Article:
Where there’s a blue ocean there’s life, where there’s the Red Sea there’s hope
The ocean covers 70 percent of the Earth’s surface and is home to 80 percent of all life. It nurtures incredible biodiversity and produces energy resources, food, and economic prospects.
We are yet to learn about sustainably managing the planet’s largest biosphere, and initiatives like the UN Ocean Conference, held in Portugal, undoubtedly present an invaluable platform to further our understanding.
Saudi Arabia’s historic participation in the conference, under the banner of “Blue Saudi,” demonstrated a resilient ambition to advance local and global collaboration. It realized significant synergies with leading industry players and drove positive progress in line with the United Nations Sustainable Development Goal 14: Life below water.
These goals are well aligned with Vision 2030, a transformative economic and social reform blueprint underpinned by a genuine commitment to sustainable progress.
However, what was most awe-inspiring to witness was how the country stood as a testament to prioritizing the health and well-being of natural ecosystems that surround our great nation, including the crown jewel of the Kingdom, the Red Sea.
Although the world’s warmest and saltiest body of water, the Red Sea is home to some of the world’s most thriving marine ecosystems and unique underwater habitats, including extensive coral reef banks and a narrow, deep central axis as large as the Great Barrier Reef.
These vibrant underwater worlds are vital to advancing marine education, protection, and regeneration. In addition, they serve as crucial grounds for extensive research initiatives that, in turn, inspire public and private sectors to continue their collective commitments toward conserving life below the water.
The conservation could be achieved by developing technologies that enable biodiversity to flourish, such as innovative solutions to help expand coral habitats or empowering local communities to reap the benefits of sustainable development and the blue economy.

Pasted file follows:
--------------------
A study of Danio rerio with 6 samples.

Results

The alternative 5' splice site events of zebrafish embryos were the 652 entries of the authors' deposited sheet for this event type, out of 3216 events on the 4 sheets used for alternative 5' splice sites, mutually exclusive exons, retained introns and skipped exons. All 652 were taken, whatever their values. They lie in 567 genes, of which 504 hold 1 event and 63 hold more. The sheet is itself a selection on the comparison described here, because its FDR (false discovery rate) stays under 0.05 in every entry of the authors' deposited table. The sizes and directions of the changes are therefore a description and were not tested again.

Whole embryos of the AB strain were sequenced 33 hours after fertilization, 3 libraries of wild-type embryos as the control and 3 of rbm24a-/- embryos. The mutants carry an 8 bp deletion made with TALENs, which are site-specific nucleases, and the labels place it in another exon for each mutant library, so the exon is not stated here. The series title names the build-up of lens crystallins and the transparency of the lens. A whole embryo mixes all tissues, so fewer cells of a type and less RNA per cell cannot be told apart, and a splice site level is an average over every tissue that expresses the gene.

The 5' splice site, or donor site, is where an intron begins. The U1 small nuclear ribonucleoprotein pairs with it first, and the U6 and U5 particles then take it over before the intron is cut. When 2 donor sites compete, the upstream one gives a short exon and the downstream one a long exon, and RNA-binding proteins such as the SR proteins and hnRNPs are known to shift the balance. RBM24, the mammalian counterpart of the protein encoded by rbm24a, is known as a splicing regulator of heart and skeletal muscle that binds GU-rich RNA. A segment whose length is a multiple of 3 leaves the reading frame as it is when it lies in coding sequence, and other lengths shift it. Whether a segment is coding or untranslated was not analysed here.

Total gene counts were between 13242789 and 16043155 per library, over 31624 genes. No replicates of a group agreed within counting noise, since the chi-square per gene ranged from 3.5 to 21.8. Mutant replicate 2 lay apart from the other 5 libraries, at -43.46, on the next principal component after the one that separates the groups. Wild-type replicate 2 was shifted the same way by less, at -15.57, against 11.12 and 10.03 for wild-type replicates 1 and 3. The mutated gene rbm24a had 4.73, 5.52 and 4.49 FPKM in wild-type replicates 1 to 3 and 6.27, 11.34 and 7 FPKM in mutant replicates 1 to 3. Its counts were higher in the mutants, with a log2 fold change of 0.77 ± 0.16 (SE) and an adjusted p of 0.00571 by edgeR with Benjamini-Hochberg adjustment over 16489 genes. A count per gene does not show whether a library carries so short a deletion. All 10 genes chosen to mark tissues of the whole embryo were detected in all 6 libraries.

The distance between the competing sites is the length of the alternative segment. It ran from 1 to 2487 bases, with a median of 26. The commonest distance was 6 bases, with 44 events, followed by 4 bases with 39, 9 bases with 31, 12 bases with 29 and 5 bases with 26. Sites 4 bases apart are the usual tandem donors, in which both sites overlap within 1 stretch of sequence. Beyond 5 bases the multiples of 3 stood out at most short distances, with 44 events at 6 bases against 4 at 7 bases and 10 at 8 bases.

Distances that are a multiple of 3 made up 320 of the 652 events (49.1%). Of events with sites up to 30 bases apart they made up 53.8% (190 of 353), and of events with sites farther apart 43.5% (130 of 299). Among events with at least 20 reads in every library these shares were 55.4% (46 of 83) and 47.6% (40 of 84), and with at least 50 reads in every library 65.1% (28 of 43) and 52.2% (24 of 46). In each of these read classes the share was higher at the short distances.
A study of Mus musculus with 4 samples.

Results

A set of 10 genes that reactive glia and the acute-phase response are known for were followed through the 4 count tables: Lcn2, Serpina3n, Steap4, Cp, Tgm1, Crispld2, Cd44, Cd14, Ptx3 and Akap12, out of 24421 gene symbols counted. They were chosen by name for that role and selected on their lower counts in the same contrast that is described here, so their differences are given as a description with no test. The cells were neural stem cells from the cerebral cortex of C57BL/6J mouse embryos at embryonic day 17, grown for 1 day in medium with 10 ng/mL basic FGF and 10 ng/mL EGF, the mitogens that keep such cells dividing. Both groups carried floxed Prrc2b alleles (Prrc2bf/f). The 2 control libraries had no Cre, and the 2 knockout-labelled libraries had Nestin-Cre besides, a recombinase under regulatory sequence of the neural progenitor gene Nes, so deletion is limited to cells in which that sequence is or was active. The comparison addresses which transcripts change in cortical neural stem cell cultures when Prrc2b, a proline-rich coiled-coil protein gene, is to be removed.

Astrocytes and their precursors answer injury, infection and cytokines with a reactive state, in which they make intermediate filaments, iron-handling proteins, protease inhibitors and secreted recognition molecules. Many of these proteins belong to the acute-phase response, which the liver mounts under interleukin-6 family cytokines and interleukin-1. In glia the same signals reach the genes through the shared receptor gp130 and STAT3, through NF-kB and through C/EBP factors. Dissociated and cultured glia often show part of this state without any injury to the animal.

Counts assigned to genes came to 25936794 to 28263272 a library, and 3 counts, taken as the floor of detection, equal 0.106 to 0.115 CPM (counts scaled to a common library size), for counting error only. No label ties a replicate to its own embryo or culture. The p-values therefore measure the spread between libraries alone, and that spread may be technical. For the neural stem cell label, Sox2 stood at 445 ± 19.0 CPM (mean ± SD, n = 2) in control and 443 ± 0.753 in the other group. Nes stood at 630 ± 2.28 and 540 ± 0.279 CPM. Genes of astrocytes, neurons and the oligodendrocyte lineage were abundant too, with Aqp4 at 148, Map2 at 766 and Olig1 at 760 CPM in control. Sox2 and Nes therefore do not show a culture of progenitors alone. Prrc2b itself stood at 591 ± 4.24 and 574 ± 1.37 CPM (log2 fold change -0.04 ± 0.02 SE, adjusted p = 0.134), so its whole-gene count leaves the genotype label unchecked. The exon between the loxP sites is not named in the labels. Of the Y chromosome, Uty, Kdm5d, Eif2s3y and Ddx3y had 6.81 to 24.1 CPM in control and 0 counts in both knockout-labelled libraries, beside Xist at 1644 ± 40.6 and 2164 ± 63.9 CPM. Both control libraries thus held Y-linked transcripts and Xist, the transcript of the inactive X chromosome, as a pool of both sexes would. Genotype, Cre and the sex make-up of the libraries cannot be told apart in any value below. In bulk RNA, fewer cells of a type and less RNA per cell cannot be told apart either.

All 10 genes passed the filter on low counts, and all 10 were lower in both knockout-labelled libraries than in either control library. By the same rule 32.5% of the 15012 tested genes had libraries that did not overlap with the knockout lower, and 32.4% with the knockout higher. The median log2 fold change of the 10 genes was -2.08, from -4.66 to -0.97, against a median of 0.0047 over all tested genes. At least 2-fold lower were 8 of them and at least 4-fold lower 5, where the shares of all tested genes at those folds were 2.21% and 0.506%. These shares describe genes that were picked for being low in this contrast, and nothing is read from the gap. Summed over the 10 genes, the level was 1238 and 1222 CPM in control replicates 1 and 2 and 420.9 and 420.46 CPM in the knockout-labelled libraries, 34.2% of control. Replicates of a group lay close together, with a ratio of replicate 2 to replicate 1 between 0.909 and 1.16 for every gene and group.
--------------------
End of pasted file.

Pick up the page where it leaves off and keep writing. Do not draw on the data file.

The Kingdom stands steadfast in its ambition to leverage the full potential of the blue economy actively. Several key commitments are already in place to increase marine protected areas to 30 percent and plant 100 million mangroves by 2030.
Meanwhile, concepts such as sustainable food production and blue natural capital are stepping into the mainstream to provide low-carbon sustenance.
Consequently, The Red Sea Development Co. is committed to mitigating climate change and enhancing biodiversity. Our ambition is to deliver a 30 percent net conservation benefit by 2040 by regenerating critical ecosystems such as coral reefs, mangrove forests, and seagrass meadows. In doing so, we aim to demonstrate that tourism can indeed be a force for good.
Admittedly, leveraging the full benefits of the blue economy requires hard work and innovation. Delivering a real, positive impact is not a feat that can be achieved overnight. But along with the environmental benefits, the expansion of the associated industries will be an exciting chapter to witness in the Kingdom’s journey to a diversified economy.
By exporting national scientific learnings and successful applications of innovative solutions to the rest of the world, I am confident that the Kingdom can rise to the challenge of the blue economy and confront some of the biggest challenges facing people and the planet today.
• Abdullah Alzahrani is Executive Director of Branding & Marketing at TRSDC.